To complain about an American current-account (“trade”) deficit makes no more sense than to complain about Americans saving and investing too much.
In brief, America’s trade deficit rises – or is made higher than it would otherwise be – whenever foreigners use their dollars for purposes other than buying American exports. Those other uses are called “investment.” Dollars that foreigners do not spend to buy American exports are dollars that are invested by foreigners in the U.S. or in dollar-denominated assets. A dollar not used by a foreigner to buy American exports might be used instead to buy assets in America – assets such as real estate in North Carolina, ownership (full or partial) of a firm in Texas, or intellectual property from an American. Or that dollar might be lent to an American – such as when foreigners lend money to Uncle Sam by purchasing U.S. treasuries. Or that dollar might itself be the investment: perhaps its foreign owner believes that its value will rise relative to other currencies, or perhaps that dollar’s foreign owner chooses to use it as a medium of exchange (such as how Panamanians use dollars).
Now you might have the common man-in-the-street belief that any fall in consumer spending harms the economy. If so, then a rising American trade deficit is, for you, indeed a problem. It is a problem because a rising trade deficit means falling demand during the current period for existing, domestically produced consumer goods and services (compared to what that demand would be were foreigners not to reduce their demands for American exports). But if you have this (mistaken) belief about the importance of consumer spending during the current period, you should at least apply it consistently: you should gripe and moan and fret no less when Americans reduce their current demands for consumer goods and services in order to save and invest more.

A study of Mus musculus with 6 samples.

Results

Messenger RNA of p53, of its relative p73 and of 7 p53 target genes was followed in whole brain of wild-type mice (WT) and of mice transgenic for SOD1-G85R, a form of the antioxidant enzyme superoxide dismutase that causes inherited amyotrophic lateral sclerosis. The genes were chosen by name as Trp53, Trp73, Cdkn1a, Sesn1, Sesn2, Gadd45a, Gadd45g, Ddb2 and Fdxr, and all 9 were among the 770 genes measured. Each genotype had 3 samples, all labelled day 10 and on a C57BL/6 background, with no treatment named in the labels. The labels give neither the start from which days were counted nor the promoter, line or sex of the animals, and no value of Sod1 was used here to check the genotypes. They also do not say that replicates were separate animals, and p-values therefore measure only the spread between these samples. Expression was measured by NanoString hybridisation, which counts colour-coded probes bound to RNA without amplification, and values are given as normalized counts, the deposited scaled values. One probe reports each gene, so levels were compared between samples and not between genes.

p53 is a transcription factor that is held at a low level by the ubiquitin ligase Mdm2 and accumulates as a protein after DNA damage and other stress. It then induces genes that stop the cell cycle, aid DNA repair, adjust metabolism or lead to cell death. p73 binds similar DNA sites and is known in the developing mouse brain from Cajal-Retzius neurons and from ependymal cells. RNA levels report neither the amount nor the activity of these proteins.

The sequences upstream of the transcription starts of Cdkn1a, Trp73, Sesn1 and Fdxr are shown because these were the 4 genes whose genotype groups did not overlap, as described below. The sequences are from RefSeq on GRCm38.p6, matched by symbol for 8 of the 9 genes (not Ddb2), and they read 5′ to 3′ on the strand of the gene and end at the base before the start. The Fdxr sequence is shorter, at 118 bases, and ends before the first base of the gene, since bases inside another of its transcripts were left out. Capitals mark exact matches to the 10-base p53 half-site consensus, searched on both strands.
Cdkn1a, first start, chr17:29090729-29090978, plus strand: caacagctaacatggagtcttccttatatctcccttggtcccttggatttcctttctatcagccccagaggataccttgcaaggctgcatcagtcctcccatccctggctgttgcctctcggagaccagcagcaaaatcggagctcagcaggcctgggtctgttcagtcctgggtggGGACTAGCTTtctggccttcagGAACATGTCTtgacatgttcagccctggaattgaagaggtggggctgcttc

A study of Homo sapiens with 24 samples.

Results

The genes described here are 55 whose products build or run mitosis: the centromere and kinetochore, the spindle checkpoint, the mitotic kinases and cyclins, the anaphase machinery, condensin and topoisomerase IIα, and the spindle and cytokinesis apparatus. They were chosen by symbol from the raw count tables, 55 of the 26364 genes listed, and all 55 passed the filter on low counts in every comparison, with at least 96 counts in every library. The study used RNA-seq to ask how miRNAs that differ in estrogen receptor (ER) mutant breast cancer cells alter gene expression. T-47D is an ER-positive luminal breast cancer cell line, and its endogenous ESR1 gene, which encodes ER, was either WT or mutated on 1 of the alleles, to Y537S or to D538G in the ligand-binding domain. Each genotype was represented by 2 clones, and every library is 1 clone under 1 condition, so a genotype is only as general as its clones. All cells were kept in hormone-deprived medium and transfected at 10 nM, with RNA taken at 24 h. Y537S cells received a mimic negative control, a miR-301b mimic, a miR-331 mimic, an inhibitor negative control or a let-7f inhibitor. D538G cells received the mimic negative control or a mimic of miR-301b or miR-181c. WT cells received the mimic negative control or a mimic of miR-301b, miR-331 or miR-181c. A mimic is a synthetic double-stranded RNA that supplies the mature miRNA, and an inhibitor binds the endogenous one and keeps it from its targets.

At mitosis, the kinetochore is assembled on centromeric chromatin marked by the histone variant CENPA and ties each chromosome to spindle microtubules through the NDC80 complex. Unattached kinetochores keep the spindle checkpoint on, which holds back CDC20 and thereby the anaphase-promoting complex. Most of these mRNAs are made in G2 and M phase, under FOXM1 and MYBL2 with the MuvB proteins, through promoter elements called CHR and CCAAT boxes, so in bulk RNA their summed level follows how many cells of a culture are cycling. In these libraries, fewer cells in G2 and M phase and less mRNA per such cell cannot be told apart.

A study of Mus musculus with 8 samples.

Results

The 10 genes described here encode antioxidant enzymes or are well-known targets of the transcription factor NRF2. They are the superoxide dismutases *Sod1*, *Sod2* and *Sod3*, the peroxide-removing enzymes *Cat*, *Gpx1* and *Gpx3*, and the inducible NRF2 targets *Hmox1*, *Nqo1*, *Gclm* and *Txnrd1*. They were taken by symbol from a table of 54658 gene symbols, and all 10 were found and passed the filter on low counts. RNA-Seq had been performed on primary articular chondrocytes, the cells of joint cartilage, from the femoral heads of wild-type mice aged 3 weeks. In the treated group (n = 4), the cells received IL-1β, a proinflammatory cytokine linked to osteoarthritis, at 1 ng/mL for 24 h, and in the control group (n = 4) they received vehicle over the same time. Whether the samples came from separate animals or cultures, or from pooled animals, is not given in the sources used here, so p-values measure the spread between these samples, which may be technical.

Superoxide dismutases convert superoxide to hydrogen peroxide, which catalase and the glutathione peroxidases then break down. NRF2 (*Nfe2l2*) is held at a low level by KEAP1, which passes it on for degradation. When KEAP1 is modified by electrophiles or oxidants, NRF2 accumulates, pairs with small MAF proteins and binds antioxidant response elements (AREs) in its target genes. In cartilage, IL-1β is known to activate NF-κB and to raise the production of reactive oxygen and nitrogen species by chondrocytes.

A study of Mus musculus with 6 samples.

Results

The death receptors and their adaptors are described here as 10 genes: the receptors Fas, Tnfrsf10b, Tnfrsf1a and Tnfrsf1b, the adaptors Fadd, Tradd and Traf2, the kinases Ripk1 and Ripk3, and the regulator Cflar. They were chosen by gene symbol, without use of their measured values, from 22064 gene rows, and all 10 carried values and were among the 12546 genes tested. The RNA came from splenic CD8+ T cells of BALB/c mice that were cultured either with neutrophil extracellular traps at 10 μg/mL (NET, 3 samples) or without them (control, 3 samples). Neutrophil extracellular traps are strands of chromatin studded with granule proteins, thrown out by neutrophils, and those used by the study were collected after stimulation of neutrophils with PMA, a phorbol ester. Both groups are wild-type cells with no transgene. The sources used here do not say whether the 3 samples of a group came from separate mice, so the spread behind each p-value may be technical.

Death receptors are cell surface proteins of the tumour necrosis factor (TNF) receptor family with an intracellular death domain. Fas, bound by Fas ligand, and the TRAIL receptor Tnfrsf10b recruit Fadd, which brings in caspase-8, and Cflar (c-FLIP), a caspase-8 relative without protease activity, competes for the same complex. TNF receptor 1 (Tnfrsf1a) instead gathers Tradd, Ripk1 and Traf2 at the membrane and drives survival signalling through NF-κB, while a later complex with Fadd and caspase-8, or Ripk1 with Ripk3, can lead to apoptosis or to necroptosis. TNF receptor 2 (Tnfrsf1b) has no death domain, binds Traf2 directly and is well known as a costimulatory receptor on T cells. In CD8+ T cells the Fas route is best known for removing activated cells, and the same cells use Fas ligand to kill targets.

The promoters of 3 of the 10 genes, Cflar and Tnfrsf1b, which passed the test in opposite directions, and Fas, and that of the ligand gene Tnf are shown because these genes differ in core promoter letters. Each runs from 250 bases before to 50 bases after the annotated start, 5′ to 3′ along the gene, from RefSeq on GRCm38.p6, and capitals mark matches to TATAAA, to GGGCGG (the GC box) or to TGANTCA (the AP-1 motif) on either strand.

That is, if an American trade deficit is a problem because it reflects the fact that some people with dollars do not spend all of their dollars buying current American outputs, then it’s equally a problem if your neighbor in Newark or your sister in Seattle does not spend all of his or her dollars buying current American outputs. If not spending, as a consumer, all of one’s income during the current period on current-period outputs of goods and services is a problem, it matters not who is failing to spend adequately. A dollar not spent for consumption, but instead invested, by an American causes just as much of a problem as does a dollar not spent for consumption, but instead invested, by a non-American.
If, instead, you understand correctly that saving and investing are generally good for the economy – if instead you understand correctly that using some resources today, not to satisfy today’s consumption desires, but rather to construct capital that will be used to increase output tomorrow – then you rightly applaud your fellow Americans for saving and investing. It’s good for the economy. Saving and investment are utterly necessary if the economy is to grow. Yet if you applaud your neighbor in Newark or your sister in Seattle for using some of his or her dollar income, not to consume today, but instead to invest in the American economy, you should just as loudly applaud people in Norway or Singapore who use some of their dollar incomes, not to buy American exports, but instead to invest in the American economy.